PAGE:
Dr. Max Gulde (R) and Marius Bierdel developed the satellite-based technology that can measure when plants need water © Alex Dietrich

Due to climate change, a global water shortage is fast approaching. This is already having a disastrous impact on agriculture. Two young German scientists have an answer to this problem. They developed a technology that optimizes the use of irrigation water. 

With a satellite system that measures drought stress in plants, the two scientists have developed a technology that optimizes the use of irrigation water. Max Gulde, a physicist at the Fraunhofer Institute for High-Speed Dynamics, Ernst Mach Institute, EMI, in Freiburg, Germany, and his colleague at EMI, Marius Bierdel, have founded a spin-off called ConstellR. While the amount of water on Earth is finite, they have found a way to optimize irrigation using the latest technologies in a way that has never been done before.

Algorithms for agriculture

ConstellR’s technology will enable agriculture to optimize the irrigation of cultivated areas and thus increase crop yields. A system aboard a satellite will detect precisely when a plant is in need of irrigation.


    Agricultural areas, viewed from the satellite with the thermal imaging camera. Red indicates high temperatures and imminent water shortage. © ConstellR

    Algorithms determine temperature on leaf surface

    This is precisely the technology that Gulde and Bierdel have developed at the Fraunhofer Institute. The research team uses an advanced thermal imaging camera in the satellite. Special algorithms evaluate the data and use it to determine the temperature on the leaf surface of the plants. This in turn allows conclusions to be drawn about their water supply.

    When there is a shortage of water, the evaporation of water through the leaves is reduced. This increases the temperature on the leaf surface. “Within two hours, the temperature can change by two to three degrees Celsius,” says Gulde. “Our method measures to within a tenth of a degree and resolves the temperature differences very finely.” Technically, the sensor measures the amount of energy emitted by the plants in the form of photons.

    Current systems monitor the land every 12 hours. ConstellR technology analyzes the land surface at a much more granular level at the same time interval. It can provide data that is ready to analyze on land surface temperature. The system includes data that was previously available from other sources, such as the U.S. Geological Survey, but it has not been used in this way before.

    And the cost of this technology is just three percent of current, less accurate solutions.

    Satellite data of the Sapta Koshi River in Nepal are enhanced to show the surface temperature (from left to right). Source: U.S. Geological Survey

    News of how well the system works came from the European Space Agency (ESA). “We approached it quite innocently until ESA told us that this was a real breakthrough. No one had been able to solve the problem of temperature measurement in such a compact way before us,” says Gulde. The data is downloaded from the satellites to ground stations, processed in data centers, prepared for the user and finally transferred to the agricultural user’s app.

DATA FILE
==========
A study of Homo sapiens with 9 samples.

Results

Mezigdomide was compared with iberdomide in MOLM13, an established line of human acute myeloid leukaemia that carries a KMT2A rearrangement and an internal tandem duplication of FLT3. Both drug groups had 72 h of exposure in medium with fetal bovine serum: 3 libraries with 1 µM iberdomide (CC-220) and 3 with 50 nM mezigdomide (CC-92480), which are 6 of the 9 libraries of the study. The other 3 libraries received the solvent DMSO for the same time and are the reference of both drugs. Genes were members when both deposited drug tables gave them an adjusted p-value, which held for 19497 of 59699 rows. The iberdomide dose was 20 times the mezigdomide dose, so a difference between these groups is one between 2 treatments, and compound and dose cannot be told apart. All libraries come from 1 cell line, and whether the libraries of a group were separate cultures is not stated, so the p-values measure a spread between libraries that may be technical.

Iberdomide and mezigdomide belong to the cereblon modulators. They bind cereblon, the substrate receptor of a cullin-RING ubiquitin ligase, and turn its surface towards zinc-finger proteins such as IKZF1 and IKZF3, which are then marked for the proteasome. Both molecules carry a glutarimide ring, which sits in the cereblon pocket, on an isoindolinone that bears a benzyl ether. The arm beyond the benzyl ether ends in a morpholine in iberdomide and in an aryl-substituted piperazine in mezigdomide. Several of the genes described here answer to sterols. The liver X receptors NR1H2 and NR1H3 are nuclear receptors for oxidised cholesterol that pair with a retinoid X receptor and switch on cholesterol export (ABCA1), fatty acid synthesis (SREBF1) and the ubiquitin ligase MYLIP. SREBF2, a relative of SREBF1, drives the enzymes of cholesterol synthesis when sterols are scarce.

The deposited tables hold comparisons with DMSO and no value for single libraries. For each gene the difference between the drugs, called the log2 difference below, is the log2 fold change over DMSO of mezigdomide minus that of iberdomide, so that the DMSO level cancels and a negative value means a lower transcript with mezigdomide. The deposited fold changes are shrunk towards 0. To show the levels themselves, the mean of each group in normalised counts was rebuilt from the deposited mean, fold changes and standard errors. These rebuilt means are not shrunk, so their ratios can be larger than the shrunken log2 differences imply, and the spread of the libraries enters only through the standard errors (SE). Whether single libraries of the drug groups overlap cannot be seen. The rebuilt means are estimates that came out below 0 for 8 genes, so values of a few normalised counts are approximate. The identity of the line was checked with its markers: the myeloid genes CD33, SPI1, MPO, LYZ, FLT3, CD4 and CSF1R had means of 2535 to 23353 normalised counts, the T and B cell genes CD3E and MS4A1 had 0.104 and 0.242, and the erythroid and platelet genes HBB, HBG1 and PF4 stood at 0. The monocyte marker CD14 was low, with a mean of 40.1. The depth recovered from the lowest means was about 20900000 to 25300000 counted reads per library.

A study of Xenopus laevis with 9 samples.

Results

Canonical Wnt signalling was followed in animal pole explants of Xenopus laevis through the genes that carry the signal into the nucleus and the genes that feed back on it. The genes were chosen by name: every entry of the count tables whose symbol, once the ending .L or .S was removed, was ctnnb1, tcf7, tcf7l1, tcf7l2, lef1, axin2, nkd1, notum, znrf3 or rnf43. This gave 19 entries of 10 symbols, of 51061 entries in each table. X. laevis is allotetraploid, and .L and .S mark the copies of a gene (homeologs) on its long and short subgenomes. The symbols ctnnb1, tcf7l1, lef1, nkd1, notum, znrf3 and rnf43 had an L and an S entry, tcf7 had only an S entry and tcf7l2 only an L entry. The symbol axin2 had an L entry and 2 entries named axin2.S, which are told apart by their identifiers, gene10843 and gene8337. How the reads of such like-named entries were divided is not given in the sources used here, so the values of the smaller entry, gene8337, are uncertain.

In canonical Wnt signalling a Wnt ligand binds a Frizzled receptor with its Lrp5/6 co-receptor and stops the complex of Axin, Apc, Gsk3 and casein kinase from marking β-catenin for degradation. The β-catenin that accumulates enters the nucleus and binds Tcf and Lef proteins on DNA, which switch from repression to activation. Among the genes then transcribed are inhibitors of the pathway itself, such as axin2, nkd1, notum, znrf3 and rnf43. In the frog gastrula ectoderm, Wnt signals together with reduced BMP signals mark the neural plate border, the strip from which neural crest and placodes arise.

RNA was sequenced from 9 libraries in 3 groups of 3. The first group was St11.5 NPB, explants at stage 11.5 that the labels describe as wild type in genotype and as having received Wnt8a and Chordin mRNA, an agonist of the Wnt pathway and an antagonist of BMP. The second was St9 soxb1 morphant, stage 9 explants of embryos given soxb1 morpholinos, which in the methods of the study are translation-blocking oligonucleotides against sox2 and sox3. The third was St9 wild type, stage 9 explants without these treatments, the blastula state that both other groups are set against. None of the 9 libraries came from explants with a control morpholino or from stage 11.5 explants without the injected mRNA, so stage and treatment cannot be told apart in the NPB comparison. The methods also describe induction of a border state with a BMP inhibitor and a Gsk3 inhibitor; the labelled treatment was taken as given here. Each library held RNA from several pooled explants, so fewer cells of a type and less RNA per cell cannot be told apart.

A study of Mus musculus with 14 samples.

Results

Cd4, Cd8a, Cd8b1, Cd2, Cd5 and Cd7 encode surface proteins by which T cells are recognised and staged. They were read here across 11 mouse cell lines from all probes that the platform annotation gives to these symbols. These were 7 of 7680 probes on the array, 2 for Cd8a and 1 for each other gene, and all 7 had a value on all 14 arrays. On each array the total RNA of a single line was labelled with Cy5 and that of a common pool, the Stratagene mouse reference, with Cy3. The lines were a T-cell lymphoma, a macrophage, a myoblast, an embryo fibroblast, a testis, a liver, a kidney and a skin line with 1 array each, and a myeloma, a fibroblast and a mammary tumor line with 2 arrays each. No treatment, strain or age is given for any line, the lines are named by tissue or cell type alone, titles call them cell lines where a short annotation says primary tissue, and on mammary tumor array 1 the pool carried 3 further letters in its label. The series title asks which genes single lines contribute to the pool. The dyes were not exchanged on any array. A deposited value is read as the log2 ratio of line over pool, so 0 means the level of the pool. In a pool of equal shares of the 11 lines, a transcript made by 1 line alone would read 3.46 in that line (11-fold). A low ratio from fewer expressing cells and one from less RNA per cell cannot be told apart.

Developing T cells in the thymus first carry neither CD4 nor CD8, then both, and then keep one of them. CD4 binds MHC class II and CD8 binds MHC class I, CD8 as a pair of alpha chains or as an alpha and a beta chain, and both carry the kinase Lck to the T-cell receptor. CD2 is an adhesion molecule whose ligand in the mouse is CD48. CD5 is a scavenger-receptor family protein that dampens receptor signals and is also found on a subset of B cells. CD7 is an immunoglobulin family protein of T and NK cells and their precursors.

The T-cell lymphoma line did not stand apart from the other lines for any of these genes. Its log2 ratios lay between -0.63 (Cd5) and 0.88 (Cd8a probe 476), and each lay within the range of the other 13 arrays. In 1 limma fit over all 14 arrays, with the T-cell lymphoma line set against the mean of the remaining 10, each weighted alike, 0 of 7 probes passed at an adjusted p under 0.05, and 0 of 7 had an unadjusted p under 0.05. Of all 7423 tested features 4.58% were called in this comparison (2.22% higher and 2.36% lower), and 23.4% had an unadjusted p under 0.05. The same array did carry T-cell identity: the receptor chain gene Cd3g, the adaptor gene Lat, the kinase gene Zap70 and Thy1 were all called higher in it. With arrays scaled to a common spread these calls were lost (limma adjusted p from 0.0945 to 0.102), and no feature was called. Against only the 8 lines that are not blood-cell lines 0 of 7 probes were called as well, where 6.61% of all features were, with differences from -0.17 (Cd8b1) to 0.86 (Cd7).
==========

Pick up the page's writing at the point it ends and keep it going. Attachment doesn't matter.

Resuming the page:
The two scientists have been involved in research work on the ERNST nanosatellite mission since 2015. It uses a compact thermal imaging camera. They hatched the idea of equipping their own satellites with high-spatial-resolution thermal imaging cameras for temperature measurement back in 2017. As part of the European Copernicus Masters ideas competition, young researchers were asked to design the “smallest satellite with the greatest societal benefit.”

    Today, visual and RADAR imagery is the dominant information source in Earth observation (EO). These technologies have experienced massive market growth in the past years. It is now possible to get a high-resolution image of our whole planet within 24 hours in both spectral regimes.

    The new technology is expected to go into operation in space aboard the International Space Station as early as the beginning of 2022.

    A Falling Walls finalist

    ConstellR was selected for the Falling Walls Science Summit in 2020. This forms part of the Berlin Science Week with over 100 events. The next summit will be held from 1-10 Nov 2021. Researchers and thinkers gather at Falling Walls to discuss breakthroughs with global leaders in science, politics, business, and the media, to answer the core question: “Which are the next walls to fall in science and society?“


    Author profile picture Many years in Germany but still American, Brenda has worked extensively in corporate publishing at several international organizations in Munich. Now a free-lance writer, editor and translator she publishes a blog at expatchatter.org, medium.com and enjoys banter on quora.com. Brenda also lived in Spain once, a country which she still considers her first love.